Too few Canadians realize how significant Canada is for understanding how life unfolded on Earth. The rocks under our feet are home to some of the most significant fossil finds and fossil troves in the world: Dinosaur Provincial Park in Alberta; Joggins Fossil Cliffs in Nova Scotia; the Burgess Shales in Yoho National Park in BC; and Miguasha Park, QC – all have been designated World Heritage Sites for the fossils found there and each helps to write a different chapter of what Earth was like when the respective strata were laid down.
Other significant sites, that do not (yet) have World Heritage Status include Mistaken Point, Newfoundland, the Tumbler Ridge dinosaur trackway in BC, and the Milk River Badlands in Alberta plus a number of other sites scattered across the Prairies and Ontario (and, no doubt, many more in the Arctic yet to be discovered). As well, Canada is home to some of the world’s leading paleontological institutes: the Royal Tyrrell Museum, the Royal Saskatchewan Museum, the Royal Ontario Museum (the ROM) and the Canadian Museum of Nature. We are a fossil nation! (For a more complete list, have a look at the Courtenay (BC) Museum’s Canadian Fossil Trail).
Now, add to this mix a second site of “Burgess Shale” strata just south of Yoho in Kootenay National Park’s Marble Canyon – the point of this post!
As Canadians, we are known for not blowing our own horn and I think this to our disadvantage at times. Of course, it’s also the price we pay living next to a behemoth wIth a media machine that thoroughly mythologizes their culture (and science) which completely overwhelms we in the “51st state”. So our kids grow up reading National Geographic, rarely seeing what our own nation has to offer, except through the eyes of Canadian Geographic, which, for some reason I can’t quite put my finger on, doesn’t carry the same cachet or mystique as NG does with students – but I’ll save that discussion for another post.
Back to the point of this post… Ivan Semeniuk has written a piece for the Globe & Mail about the “new” (now a few years old) fossil location in Kootenay, equal to, if not more significant than, the Burgess Shales 40km to the north: 500 million years ago, this critter had a really bad day. No, this site doesn’t contain the “sexy” fossils of T. rex or its pals, but these new finds chronicle what is called the “Cambrian explosion” – the huge diversification of life that occurred in the Cambrian Period. In a geological moment– some 20 million years – virtually all the animal body plans found on Earth today evolved. The Burgess Shales and these new strata at Marble Canyon provide the snapshots though time that help palaeontologists understand this progression of evolution.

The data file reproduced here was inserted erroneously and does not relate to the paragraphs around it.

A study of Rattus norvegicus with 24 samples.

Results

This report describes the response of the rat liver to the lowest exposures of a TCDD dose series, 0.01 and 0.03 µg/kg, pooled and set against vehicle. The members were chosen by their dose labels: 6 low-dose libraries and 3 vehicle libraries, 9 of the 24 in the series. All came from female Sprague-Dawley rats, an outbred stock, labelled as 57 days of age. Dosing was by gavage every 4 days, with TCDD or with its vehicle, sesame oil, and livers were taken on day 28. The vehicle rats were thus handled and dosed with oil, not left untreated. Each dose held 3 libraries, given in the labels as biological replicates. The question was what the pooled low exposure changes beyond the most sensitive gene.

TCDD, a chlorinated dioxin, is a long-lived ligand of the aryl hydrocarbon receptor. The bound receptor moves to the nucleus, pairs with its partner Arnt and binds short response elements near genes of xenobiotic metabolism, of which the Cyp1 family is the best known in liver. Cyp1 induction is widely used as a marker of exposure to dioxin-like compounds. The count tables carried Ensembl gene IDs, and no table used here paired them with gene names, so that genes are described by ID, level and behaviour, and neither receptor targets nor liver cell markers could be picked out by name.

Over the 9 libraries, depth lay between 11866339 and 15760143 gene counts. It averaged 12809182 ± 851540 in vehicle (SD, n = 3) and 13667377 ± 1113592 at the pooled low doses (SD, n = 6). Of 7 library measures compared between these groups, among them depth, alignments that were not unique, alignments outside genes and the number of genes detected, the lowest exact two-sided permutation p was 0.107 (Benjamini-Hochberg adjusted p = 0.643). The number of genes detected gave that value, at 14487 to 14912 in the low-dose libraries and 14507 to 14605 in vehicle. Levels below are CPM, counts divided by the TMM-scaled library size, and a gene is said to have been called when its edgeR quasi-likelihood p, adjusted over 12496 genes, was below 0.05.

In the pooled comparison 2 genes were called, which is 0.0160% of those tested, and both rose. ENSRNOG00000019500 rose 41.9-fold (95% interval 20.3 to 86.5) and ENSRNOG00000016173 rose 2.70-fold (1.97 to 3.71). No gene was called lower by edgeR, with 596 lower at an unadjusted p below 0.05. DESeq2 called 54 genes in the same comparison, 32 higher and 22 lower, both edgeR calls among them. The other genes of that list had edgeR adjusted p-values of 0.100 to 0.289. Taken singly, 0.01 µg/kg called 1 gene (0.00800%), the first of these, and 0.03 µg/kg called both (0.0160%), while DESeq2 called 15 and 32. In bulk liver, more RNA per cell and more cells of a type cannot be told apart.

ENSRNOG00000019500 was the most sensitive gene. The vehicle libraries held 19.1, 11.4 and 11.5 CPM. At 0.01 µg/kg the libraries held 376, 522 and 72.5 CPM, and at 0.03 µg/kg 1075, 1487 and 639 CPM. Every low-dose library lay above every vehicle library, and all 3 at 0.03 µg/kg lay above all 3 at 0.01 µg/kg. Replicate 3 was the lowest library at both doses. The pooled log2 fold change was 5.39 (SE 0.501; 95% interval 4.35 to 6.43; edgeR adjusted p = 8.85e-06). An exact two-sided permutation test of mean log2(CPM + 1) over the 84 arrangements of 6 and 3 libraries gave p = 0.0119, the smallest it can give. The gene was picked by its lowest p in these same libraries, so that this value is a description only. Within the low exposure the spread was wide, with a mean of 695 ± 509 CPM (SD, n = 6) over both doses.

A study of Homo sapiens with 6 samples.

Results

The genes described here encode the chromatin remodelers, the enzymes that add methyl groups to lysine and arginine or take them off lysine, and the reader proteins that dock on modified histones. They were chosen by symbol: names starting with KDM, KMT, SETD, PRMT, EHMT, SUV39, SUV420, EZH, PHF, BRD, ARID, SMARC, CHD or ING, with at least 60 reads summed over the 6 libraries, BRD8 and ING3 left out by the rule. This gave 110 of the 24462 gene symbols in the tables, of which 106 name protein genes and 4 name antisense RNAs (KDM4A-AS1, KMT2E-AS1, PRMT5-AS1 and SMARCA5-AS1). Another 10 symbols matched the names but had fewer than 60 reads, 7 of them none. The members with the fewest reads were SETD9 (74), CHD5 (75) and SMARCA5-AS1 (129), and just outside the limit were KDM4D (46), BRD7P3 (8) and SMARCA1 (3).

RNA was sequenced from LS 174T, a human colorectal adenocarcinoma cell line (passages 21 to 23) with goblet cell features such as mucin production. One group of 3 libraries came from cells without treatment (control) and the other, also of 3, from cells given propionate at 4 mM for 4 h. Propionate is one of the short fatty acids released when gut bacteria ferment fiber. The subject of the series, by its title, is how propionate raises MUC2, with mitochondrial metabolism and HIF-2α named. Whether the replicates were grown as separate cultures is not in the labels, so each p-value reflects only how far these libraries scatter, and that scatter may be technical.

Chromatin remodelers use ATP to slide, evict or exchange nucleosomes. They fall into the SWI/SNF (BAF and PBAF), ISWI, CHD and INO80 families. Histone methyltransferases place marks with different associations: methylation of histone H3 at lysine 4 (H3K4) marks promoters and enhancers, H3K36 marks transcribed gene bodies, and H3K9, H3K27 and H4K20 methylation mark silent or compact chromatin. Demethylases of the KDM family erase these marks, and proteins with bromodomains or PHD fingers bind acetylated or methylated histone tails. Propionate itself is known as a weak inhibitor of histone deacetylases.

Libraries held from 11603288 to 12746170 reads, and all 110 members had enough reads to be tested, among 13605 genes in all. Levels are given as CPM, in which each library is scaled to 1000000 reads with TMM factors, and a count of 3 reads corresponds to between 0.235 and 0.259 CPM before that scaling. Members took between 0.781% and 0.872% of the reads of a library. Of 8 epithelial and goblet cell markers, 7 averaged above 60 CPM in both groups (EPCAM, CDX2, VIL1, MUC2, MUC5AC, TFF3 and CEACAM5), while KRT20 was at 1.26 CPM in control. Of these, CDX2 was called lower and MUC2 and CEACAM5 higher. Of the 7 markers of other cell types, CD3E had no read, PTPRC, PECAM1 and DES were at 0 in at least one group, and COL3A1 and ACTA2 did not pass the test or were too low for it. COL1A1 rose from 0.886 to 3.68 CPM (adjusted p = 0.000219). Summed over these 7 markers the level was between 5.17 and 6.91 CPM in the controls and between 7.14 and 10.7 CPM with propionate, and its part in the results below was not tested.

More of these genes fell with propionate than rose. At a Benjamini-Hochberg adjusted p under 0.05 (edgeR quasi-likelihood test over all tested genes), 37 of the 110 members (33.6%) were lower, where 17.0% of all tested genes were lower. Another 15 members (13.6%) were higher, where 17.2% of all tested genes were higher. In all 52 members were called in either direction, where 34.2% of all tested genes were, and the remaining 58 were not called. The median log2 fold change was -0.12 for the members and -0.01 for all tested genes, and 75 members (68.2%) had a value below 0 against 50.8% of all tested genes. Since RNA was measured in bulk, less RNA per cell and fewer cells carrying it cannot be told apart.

Semeniuk points out that fossils from this era are particularly well-preserved. Due to the chemistry of seawater at the time, not only are shells and exoskeletons preserved, but soft tissues have been captured in the rock allowing for much more detailed analysis.
The value of this article, in particular, is all the “bits” that come with it: a video, descriptions of how palaeontologists work, visualizations of the critters being found and a geologic time line – all helpful for gaining a greater understanding of the work that goes on behind the scenes of fossil digs, and ideal for armchair palaeontologists of all ages!
[Aside: Rather ironically, I came across this Globe & Mail article in a National Geographic Blog!]